MRID believes in quality communication access for all persons who are d/Deaf and hard of hearing. Specifically, in regards to children in the K-12 education setting, we support the stance of the National Association of Interpreters in Education (NAIE) as reflected in their professional guidelines. Children who are d/Deaf and hard of hearing that utilize interpreting services are typically unable to communicate the complexities of their language access needs, so it is up to all of the stakeholders to ensure that effective and quality services are provided. When the language needs of children who are d/Deaf and hard of hearing are met, they have an equal opportunity to reach their potential. We encourage you to read below to learn more about the Montana Rule that establishes qualification standards for educational interpreters working in the K-12 setting in Montana, information from Boys Town Research Hospital on the EIPA, and the professional guidelines and resources from NAIE. If you have any questions, comments, or concerns regarding this information, please don’t hesitate to send an email to: firstname.lastname@example.org
Montana Ruling 10.55.718
10.55.718 ASSIGNMENT OF PERSONS PROVIDING SIGN LANGUAGE INTERPRETING FOR STUDENTS WHO ARE DEAF OR HARD OF HEARING
(1) Effective July 1, 2011, and not withstanding (3), no licensed or classified employee of any school district, cooperative, or contracted service provider shall be regularly assigned to provide educational sign language interpreting for a student(s) unless the employee has demonstrated skills and knowledge, at a 3.5 level or higher, on the Educational Interpreter Performance Assessment (EIPA) and passed the written portion of the Educational Interpreter Performance Assessment.
(2) Substitute employees of any school district, cooperative, or contracted service provider temporarily assigned to provide educational sign language interpreting for a student(s) for a period longer than 35 consecutive teaching days shall meet the standard in (1).
(3) An employee who has not met the qualifications in (1), but who has demonstrated a competency level of 2.5 or higher on the EIPA or a score commensurate with a competency level of 2.5 or higher on the EIPA Pre-Hire Assessment, may be assigned to provide educational sign language interpreting services. Such individuals shall have three years, from date of initial assignment, or the effective date of this rule, to demonstrate competency as described in (1).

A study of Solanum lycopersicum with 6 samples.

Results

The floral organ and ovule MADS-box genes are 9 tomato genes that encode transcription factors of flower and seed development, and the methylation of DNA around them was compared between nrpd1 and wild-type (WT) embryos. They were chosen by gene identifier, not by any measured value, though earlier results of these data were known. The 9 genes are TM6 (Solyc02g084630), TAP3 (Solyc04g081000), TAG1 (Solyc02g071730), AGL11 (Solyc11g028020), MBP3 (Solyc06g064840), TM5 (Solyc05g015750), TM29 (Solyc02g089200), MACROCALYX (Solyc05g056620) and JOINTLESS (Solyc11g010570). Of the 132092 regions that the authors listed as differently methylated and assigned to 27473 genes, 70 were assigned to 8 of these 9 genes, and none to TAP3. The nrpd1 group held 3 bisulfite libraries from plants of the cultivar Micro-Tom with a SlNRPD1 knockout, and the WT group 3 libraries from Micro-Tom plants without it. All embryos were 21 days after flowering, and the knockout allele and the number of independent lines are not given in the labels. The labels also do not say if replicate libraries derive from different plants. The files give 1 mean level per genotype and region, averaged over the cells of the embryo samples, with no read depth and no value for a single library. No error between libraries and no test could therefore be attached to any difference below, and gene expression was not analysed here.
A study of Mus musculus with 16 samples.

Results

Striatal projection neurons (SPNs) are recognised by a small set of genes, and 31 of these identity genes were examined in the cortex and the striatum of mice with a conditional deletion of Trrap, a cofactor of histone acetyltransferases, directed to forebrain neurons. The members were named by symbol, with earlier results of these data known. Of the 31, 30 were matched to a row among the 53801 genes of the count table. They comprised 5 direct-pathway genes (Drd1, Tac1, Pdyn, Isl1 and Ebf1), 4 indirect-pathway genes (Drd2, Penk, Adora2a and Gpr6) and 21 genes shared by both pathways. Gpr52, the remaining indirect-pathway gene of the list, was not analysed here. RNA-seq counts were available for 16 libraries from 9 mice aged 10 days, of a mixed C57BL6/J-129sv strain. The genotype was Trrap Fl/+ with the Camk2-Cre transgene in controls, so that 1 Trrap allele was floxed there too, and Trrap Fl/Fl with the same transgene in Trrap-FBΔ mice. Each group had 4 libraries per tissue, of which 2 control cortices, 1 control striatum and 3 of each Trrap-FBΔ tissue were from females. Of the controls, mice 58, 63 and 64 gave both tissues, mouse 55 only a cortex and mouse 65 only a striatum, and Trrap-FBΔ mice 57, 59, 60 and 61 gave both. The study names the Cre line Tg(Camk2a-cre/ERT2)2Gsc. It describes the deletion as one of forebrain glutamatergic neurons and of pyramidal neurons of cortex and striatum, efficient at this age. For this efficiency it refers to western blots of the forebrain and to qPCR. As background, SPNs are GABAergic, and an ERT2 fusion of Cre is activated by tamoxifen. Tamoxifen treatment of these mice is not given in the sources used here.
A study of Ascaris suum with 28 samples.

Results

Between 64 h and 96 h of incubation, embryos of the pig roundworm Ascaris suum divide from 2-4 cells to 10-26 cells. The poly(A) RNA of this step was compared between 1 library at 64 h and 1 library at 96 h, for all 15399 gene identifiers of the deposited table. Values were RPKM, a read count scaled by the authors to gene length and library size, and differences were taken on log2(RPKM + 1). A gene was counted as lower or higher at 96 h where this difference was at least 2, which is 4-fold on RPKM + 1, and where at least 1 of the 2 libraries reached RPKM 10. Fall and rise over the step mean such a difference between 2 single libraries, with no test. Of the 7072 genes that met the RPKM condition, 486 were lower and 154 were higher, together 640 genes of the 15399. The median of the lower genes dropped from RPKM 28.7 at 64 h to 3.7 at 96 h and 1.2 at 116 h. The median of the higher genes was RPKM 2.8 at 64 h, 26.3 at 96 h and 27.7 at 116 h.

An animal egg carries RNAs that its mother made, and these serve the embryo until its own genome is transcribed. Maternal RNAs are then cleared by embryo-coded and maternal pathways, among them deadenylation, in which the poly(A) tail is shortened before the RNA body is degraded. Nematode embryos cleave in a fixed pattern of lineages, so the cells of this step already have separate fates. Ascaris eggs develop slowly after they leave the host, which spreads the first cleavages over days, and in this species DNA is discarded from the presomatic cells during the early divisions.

(4) The employing entity (school district, cooperative, or contracting service provider) is responsible for providing appropriate assignment of personnel (directly) and/or use of appropriate technologies.
(5) Employees who have met the requirements in (1) and who seek to remain eligible to work as educational sign language interpreters are responsible for documenting a completion of 12 clock hours of professional development and/or Office of Public Instruction renewal units per calendar year related to the improvement of educational interpreting, performance, and knowledge skills. Such individuals will provide documentation of completion to their employing school district, cooperative, or contracting agency.
(6) For purposes of (5), approved providers of continuing educational opportunities shall include any entity approved by the Montana Office of Public Instruction or the Montana Board of Public Education.
Written Test Dates:
Performance Test Date:
EIPA is the Educational Interpreter Performance Assessment developed by Boys Town National Research Hospital. The EIPA is a tool developed to assess the proficiency of educational interpreters. Testing registration is required. MT OPI will compensate testing fees for interpreters working in K-12 settings, (including substitutes), who have not satisfied the 3.5 score.
The National Association of Interpreters in Education, NAIE, is an organization of interpreters who provide services to support the communication needs of students in educational settings. The NAIE promotes the pursuit of professional excellence regarding interpreting services in these settings. The purpose of the NAIE will be to identify and support best practices within the field, advocate for its members, provide continuing education, networking, resources and other professional opportunities.